Virginia Tech Football: 5 Startling Statistics from Hokies' 2013 Campaign
With Saturday's win over North Carolina, the Virginia Tech Hokies moved to 5-1 on the season. It was the Hokies' fifth straight win after a season-opening loss to No. 1 Alabama.
Predictably, the Hokies relied heavily on their defense and senior quarterback Logan Thomas. Thomas passed for 293 yards and three touchdowns. It was the second straight game that Thomas did not turn the ball over.
In what continues to be a recurring theme, Tech was unable to run the ball. The Hokies' lack of success running the ball is a concern.
The running game is just one area where the team is struggling. But several things have stood out for VT so far this season. The defense, as predicted, is terrific. What other statistics are startling in what is shaping up to be a good bounce-back season for the Hokies?
Here are the five most startling statistics for Virginia Tech through six weeks of the 2013 season.
Logan Thomas' Stat Line vs. Alabama
In the Hokies' loss to Alabama, Logan Thomas completed five of 26 passes for 59 yards and one interception. It was one of the ugliest stat lines in recent memory.
Yes, Alabama has a tremendous defense, but Thomas' struggles had more to do with his receivers repeatedly dropping passes than Bama forcing him into bad decisions.
Since that game, Thomas has completed 98 of 161 passes for 1,153 yards. His completion percentage for the season is now 55 percent, a surprising number considering he was under 20 percent after the first game.
Brandon Facyson's Four Interceptions
Entering the season, we knew true freshman Kendall Fuller would play a lot at cornerback. One of the top recruits in the country, Fuller would also be filling in for injured starter Antone Exum early in the season.
What Virginia Tech didn't expect, though, was the rapid emergence of fellow freshman Brandon Facyson.
Facyson, also a true freshman, enrolled in January and impressed coaches with his performance in the spring.
Through six games, Facyson has four interceptions. He's not just in the right place at the right time, either. Facyson is always around the ball. And at 6'2", he has prototypical size for today's cornerbacks.
With opposing offenses smartly staying away from Kyle Fuller, Kendall's older brother, expect Facyson to continue to get opportunities. He could have a chance at tying or breaking the school's single-season interception record, which currently sits at nine.
Misses in the Kicking Game
Virginia Tech's kicking game figured to be in good hands in 2013.
Senior Cody Journell returned for his third season as the Hokies' kicker. A former All-ACC selection, Journell had made 81 percent of his kicks entering this season and had never missed more than one in a game.
In five games played by Journell this season, he is just 3-of-6 on field-goal attempts. Journell has also missed two point-after attempts. In the one game he missed, Ethan Keyserling, the kicker who replaced him, missed all three of his attempts.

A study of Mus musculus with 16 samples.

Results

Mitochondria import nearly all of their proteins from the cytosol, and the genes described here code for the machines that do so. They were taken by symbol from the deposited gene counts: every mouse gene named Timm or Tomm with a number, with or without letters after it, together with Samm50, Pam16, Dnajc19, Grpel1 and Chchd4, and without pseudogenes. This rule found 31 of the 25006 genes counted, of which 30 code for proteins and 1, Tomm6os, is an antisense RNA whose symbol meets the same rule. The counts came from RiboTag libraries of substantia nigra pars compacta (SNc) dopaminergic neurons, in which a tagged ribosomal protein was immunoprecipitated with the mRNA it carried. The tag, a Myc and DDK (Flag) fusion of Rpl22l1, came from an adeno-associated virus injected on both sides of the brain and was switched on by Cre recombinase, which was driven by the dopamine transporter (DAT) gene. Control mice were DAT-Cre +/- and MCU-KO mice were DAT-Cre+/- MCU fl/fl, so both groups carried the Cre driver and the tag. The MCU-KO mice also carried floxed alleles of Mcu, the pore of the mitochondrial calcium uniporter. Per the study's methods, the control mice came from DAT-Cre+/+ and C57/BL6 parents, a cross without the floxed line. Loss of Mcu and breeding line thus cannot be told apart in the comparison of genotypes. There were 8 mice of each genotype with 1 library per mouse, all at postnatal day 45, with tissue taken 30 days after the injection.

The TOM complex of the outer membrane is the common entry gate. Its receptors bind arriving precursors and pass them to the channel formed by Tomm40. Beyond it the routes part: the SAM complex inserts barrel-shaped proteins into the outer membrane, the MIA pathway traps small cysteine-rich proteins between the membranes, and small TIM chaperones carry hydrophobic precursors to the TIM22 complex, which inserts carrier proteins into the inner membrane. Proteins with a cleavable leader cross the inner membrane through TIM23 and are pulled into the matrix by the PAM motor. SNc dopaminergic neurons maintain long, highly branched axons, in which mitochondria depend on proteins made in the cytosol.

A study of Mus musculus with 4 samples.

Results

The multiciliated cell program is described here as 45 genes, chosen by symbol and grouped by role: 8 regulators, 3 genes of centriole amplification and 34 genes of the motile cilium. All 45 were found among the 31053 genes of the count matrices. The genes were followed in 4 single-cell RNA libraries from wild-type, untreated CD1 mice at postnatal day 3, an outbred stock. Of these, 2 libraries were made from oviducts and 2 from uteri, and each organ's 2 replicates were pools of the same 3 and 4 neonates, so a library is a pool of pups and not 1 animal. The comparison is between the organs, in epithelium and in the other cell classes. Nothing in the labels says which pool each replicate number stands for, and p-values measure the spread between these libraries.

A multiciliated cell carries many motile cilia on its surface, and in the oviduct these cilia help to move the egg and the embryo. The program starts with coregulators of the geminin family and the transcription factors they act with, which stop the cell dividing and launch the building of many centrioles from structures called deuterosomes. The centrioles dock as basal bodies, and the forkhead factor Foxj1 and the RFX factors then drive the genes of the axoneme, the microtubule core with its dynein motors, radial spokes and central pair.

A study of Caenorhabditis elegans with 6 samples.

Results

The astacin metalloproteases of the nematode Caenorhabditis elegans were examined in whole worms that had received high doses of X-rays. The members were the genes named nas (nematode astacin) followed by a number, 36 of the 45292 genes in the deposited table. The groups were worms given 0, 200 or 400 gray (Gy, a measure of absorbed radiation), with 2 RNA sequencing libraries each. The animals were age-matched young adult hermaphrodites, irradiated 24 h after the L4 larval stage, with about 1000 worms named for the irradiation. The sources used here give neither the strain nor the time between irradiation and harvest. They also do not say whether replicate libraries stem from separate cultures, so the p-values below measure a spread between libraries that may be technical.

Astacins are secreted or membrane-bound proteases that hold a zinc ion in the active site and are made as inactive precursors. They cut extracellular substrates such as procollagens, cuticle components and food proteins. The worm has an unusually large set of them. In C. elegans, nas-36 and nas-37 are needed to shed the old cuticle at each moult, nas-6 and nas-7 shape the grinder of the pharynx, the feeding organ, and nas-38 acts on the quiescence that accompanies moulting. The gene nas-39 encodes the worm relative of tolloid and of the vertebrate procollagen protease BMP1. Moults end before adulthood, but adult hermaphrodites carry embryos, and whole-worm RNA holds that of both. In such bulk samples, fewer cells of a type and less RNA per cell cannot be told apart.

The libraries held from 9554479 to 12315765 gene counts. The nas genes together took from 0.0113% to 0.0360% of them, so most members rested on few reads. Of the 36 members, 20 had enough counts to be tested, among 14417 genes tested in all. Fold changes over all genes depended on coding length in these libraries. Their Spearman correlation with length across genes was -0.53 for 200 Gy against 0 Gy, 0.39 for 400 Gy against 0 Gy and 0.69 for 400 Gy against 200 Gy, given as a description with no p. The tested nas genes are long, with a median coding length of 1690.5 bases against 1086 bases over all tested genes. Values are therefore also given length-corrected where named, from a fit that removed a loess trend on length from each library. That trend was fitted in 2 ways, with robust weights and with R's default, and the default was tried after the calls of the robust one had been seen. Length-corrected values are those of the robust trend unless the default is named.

So, through six weeks, the Hokies are connecting on just 33 percent of their field goals. Sadly, an extra point is not even a given for this team.
Can Journell turn it around and resemble the kicker he was prior to 2013? The bigger question is if Beamer can stay with him if he continues to struggle.
Running Game Numbers
Virginia Tech's running game got off to a rousing start in the season opener when freshman Trey Edmunds ran for a 77-yard touchdown against Alabama.
He finished the game with 132 yards, and it was Tech's only highlight on offense in that game.
That has essentially been it for the Hokies running the football.
Since the Alabama game, Edmunds has run the ball 78 times for 264 yards. That is an average of just 3.3 yards per carry. Mind you, the Hokies haven't faced the likes of Alabama since Week 1.
For the season, VT has run the ball 215 times for 747 yards. As a team, the Hokies average 3.5 yards per carry. It is important to note that East Carolina, Marshall and Georgia Tech all do well against the run. However, part of that success is due to facing the Hokies.
North Carolina was a sieve on defense entering last week's game, yet it held the Hokies to 48 rushing yards on 34 attempts.
This offensive line must get better if the Hokies want to challenge for an ACC title.
Overall Defensive Numbers
Through six games, Virginia Tech ranks No. 5 nationally in total defense. That is not surprising. The Hokies generally fare well on the defensive side of the ball.
What is most surprising about Tech's dominant defense is how strong it is in all facets.
The Hokies, along with Clemson and Fresno State, are tied for the national lead with 19 sacks. Bud Foster's group has forced 16 turnovers, good for 13th in the nation. They have 13 interceptions, which leads the country.
Not only do they get the ball back for their offense, but they bail them out, too. They are No. 15 in rushing defense, allowing 102 yards per game. For Foster, that is an unacceptable total.
Against the pass, VT ranks No. 8 in pass efficiency defense and gives up only 161 yards through the air per week.
2013 could be a record-breaking year the Virginia Tech defense. If the Hokies expect to win the ACC, they must continue at this pace.